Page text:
Since early November, a full-scale humanitarian crisis has been unfolding in Ethiopia’s Tigray region. More than 46,000 people have sought refuge in neighboring Sudan and another 1.7 million have been displaced from their homes but remain inside the region. The vast majority are undertaking perilous journeys to reach safety, carrying just a few of their belongings with them.
When did the crisis in the Tigray region start?
The armed conflict broke out on November 4, 2020 between the federal government and regional forces, driving thousands of people to flee their homes - more than half of them women and children. Most people travelled with nothing, and many are without adequate shelter. More than 5.5 million people are threatened by hunger.
People in the region have endured seven months of conflict with limited basic services and assistance available, leading to a significant escalation in humanitarian needs. The security situation remains volatile especially in rural areas, constraining humanitarian actors on the ground. Basic services have gradually resumed in parts of Tigray, however electricity and banking services remain intermittent.
The Ethiopian government announced a state of emergency in Tigray and called for a unilateral ceasefire in the region, however the ceasefire has not been accepted by all parties.
Who is most affected by the crisis in the Tigray region?
The Tigray region in Northern Ethiopia is home to approximately 6.5 million people, the majority of them farmers who were at the peak of the harvest season when the conflict sparked. Over the past months, they have been forced to cross the border to Sudan to escape violence and another 1.7 million people have been displaced inside the country.
Before the conflict erupted in the Tigray region in November 2020, there were 96,223 Eritrean refugees being sheltered in four refugee camps in the Tigray region (Mai Aini, Adi Harush, Shimelba and Hitsats). As of May 2021, a total of 8,359 at-risk Eritrean refugees have been relocated to Mai Aini and Adi Harush, safer camps in the southern region where they are been provided with emergency shelter, core relief items and food upon arrival.
Where are Ethiopian refugees fleeing to?
At the onset of the crisis, hundreds of Ethiopians were crossing the Sudanese border on a daily basis—mainly through Hamdayet border point in Kassala state—with new arrivals far outpacing infrastructure needs. For example, the transit center at Hamdayet had the capacity to host just 300 refugees and received more than 20,000 people.
In support of the Government of Sudan’s response to the ongoing influx of refugees from Ethiopia’s Tigray region to eastern Sudan, UNHCR, partners, and other UN agencies set up a new refugee settlement in Tunaydbah-Gedaref State in January 2021. More than 18,000 Ethiopians are now being sheltered in Tunaydbah settlement, nearly 1,200 of whom are separated or unaccompanied children.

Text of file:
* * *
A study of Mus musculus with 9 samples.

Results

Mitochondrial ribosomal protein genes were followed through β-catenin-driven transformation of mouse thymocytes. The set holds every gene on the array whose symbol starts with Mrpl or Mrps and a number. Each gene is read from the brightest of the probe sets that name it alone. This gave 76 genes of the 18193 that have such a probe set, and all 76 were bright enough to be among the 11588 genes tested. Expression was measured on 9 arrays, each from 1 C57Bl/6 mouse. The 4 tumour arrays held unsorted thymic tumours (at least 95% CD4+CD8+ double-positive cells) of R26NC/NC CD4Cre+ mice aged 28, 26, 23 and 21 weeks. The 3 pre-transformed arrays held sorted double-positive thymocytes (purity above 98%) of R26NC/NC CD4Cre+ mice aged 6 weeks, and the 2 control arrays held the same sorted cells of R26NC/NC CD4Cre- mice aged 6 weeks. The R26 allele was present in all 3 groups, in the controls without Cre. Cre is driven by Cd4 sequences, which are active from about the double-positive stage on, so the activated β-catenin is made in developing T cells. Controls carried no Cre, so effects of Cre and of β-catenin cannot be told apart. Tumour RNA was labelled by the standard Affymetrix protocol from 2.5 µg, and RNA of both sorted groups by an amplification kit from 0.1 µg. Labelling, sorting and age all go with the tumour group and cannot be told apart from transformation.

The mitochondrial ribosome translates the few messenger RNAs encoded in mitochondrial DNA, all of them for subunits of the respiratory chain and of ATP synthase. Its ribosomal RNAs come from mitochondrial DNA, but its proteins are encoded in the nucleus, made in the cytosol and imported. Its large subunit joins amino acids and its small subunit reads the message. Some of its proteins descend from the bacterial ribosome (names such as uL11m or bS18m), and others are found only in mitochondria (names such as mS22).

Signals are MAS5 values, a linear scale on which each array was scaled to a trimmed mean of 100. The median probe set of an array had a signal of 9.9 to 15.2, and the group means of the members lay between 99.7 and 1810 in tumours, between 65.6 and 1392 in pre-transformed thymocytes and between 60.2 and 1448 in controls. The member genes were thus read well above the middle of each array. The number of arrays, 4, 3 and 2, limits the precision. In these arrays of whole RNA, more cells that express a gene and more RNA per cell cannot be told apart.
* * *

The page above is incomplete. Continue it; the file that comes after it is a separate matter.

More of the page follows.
What are the major challenges refugees face?
Lack of access to basic services and humanitarian aid deliveries are some of the top priorities in the Tigray region, with many of the rural areas inaccessible and several urban locations not reachable for several weeks at a time. Armed conflict and arbitrary denial of access by armed forces remains the main access impediment.
Additionally, many people in Tigray remain cut-off from communications and electricity, which has impeded their access to health services and water supply.
How is the UN Refugee Agency helping in Ethiopia’s Tigray region?
The UN Refugee Agency (UNHCR) is working with government authorities and local partners to provide lifesaving assistance to the thousands of women, children and men from Tigray arriving in other regions of Ethiopia and neighboring countries in search of safety. Shelter, food and water as well as other relief items - including blankets, sleeping mats, solar lamps, mosquito nets and plastic sheeting are being distributed.
During the COVID-19 pandemic, information campaigns on COVID-19 prevention, health screening of new arrivals as well as the distribution of soap and face masks have taken place.
UNHCR and partners, together with refugee representatives and leaders from the Kunama ethnic group, are exploring solutions to address the learning needs of children from the Tigray region. UNHCR is working with partners to advocate for a system that allows for the children to attend school, removing barriers related to differences in languages and curriculum.